The Festival of Whales in Dana Point was first held in 1972, making it one of the longest-running whale festivals in the United States. The event was created by the late Don Hansen, a pioneer of whale watching and sportfishing in Southern California, who initially organized the event to celebrate the annual migration of California gray whales along the Southern California coastline, particularly past Dana Point.


Over the years, the festival has grown into a significant community event, drawing visitors and locals alike to participate in various activities focused on marine education, conservation, and appreciation for these majestic marine mammals.

Dana Point is renowned for being a prime location for whale watching, particularly for the migration of the California gray whales. The festival celebrates the majestic migration of these whales as they pass by the Dana Point coastline during their journey between the cold waters of Alaska and the warm lagoons of Baja California. The Dana Point Festival of Whales offers a wide array of activities and events for locals and visitors alike to enjoy, promoting environmental education, marine conservation, and appreciation for these magnificent marine mammals.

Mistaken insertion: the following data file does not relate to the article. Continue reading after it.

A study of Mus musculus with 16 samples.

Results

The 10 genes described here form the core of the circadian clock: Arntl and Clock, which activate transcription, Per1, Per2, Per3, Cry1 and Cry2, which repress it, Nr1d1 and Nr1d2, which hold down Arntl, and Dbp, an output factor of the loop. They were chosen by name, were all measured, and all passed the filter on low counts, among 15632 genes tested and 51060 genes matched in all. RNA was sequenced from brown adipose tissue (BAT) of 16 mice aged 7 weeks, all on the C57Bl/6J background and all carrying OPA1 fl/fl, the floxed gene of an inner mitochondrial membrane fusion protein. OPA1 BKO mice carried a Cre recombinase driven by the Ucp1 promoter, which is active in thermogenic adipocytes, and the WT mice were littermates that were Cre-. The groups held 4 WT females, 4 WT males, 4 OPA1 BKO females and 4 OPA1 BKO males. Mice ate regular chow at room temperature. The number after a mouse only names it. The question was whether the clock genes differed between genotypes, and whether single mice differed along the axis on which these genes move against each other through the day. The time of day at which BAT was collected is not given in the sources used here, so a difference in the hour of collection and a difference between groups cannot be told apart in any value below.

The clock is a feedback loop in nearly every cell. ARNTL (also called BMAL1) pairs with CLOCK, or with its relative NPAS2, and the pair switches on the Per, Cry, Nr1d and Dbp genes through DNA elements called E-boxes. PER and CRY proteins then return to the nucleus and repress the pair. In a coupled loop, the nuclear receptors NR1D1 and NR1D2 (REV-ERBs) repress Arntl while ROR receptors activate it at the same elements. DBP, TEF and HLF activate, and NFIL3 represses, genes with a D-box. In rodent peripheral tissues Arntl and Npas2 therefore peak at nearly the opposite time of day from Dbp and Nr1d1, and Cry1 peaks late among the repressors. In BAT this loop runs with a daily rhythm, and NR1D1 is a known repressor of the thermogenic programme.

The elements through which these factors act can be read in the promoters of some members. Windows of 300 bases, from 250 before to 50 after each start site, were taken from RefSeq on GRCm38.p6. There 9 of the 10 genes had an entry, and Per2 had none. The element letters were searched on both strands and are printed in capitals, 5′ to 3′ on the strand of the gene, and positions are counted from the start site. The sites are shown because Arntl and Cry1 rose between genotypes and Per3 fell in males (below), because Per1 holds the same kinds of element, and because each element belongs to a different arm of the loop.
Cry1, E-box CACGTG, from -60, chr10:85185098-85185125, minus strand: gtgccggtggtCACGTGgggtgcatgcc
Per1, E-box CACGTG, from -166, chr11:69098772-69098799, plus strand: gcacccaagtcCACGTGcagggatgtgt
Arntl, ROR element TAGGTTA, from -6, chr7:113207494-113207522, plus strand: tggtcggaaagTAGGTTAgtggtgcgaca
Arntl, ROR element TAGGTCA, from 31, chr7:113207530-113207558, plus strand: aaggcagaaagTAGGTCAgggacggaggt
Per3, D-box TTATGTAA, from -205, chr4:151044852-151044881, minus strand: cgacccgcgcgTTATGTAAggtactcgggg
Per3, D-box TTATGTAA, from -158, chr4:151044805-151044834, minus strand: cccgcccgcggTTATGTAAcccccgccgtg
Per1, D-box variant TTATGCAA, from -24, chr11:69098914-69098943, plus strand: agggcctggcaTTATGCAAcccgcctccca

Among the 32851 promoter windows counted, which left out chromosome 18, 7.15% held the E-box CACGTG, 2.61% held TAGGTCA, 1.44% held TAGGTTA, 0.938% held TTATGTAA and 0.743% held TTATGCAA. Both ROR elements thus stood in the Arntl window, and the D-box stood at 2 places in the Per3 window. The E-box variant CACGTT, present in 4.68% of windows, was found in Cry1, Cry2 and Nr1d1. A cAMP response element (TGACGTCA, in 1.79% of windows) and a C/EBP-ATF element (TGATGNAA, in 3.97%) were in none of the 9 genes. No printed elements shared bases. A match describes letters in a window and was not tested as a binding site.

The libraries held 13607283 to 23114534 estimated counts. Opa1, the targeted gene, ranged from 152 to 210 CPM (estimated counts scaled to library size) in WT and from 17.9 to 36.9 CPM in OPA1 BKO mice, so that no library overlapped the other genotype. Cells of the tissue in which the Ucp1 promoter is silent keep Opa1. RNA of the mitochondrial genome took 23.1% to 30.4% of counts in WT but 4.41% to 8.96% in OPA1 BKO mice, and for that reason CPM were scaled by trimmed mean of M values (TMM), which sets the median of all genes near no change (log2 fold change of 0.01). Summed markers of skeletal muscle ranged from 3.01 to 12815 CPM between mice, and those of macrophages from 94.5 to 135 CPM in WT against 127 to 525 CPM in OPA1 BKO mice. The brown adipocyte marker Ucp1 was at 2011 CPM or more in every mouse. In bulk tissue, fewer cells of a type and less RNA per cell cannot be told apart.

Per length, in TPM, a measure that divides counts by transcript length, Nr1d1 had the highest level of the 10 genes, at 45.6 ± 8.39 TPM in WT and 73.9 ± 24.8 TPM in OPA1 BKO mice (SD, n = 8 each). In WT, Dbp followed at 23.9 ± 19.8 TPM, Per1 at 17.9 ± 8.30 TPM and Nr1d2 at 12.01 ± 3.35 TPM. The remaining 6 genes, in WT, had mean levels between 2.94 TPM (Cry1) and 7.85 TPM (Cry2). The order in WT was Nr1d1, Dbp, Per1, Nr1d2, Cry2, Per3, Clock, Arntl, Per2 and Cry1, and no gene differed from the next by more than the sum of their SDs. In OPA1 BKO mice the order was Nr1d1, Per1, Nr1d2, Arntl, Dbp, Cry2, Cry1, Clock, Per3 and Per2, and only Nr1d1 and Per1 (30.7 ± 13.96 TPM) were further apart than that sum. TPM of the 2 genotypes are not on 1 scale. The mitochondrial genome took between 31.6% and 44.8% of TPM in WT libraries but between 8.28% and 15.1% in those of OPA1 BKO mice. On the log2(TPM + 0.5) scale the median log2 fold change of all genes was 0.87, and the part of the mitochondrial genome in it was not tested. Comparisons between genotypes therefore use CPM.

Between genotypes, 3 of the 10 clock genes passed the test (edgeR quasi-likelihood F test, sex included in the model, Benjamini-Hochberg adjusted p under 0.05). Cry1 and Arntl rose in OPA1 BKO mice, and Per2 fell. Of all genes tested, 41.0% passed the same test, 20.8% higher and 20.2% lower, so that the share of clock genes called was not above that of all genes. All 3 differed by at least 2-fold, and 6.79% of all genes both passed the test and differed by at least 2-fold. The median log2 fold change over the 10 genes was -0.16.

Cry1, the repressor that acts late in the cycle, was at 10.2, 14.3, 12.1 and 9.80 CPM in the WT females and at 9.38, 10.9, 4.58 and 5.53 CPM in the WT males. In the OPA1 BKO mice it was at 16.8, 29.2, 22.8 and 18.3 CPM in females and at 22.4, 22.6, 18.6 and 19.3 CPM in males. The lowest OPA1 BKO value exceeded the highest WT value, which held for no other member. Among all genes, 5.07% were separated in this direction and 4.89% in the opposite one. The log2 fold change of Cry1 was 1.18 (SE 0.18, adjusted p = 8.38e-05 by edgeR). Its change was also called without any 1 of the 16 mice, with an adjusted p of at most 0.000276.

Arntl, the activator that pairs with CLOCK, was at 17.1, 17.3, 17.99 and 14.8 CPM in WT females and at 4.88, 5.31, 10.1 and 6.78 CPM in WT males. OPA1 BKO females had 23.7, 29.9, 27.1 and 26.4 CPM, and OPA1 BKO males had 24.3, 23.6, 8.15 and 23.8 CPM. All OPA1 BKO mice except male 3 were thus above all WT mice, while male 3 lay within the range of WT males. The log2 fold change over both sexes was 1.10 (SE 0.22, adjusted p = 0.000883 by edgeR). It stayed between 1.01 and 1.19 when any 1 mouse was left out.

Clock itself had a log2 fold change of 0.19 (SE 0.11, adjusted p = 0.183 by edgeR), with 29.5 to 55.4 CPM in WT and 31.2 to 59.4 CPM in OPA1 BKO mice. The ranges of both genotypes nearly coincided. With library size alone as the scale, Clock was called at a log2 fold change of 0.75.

Help Us Keep the Festival of Whales Clean and Green

The Dana Point Festival of Whales is an ocean-friendly event with many of our booths, displays and exhibits being very close to water’s edge. We ask that all our spectators , sponsors and exhibitors keep this ocean location top-of-mind and refrain from buying, selling and using single-use plastic water bottles, balloons, stickers, temporary tattoos, flyers or other materials that might find their way to the receiving waters of the Pacific Ocean.


Drinking fountains are plentiful for the refilling of water bottles. Please don’t forget to BYO (bring your own) water bottle and refill throughout the day. Please help us keep the Festival of Whales clean and green for generations to come. 

Did you know? Plastics are the most common form of marine debris. They can come from a variety of land- and ocean-based sources, enter the water in many ways, and impact the ocean. Once in the water, plastic debris never fully biodegrades.

  • Over 400 million tons of plastic are produced every year for use in a wide variety of applications.

  • At least 14 million tons of plastic end up in the ocean every year, and plastic makes up 80% of all marine debris found from surface waters to deep-sea sediments.

  • Marine species ingest or are entangled by plastic debris, which causes severe injuries and death.

  • Plastic pollution threatens food safety and quality, human health, coastal tourism, and contributes to climate change.

  • There is an urgent need to explore new and existing legally binding agreements to address marine plastic pollution.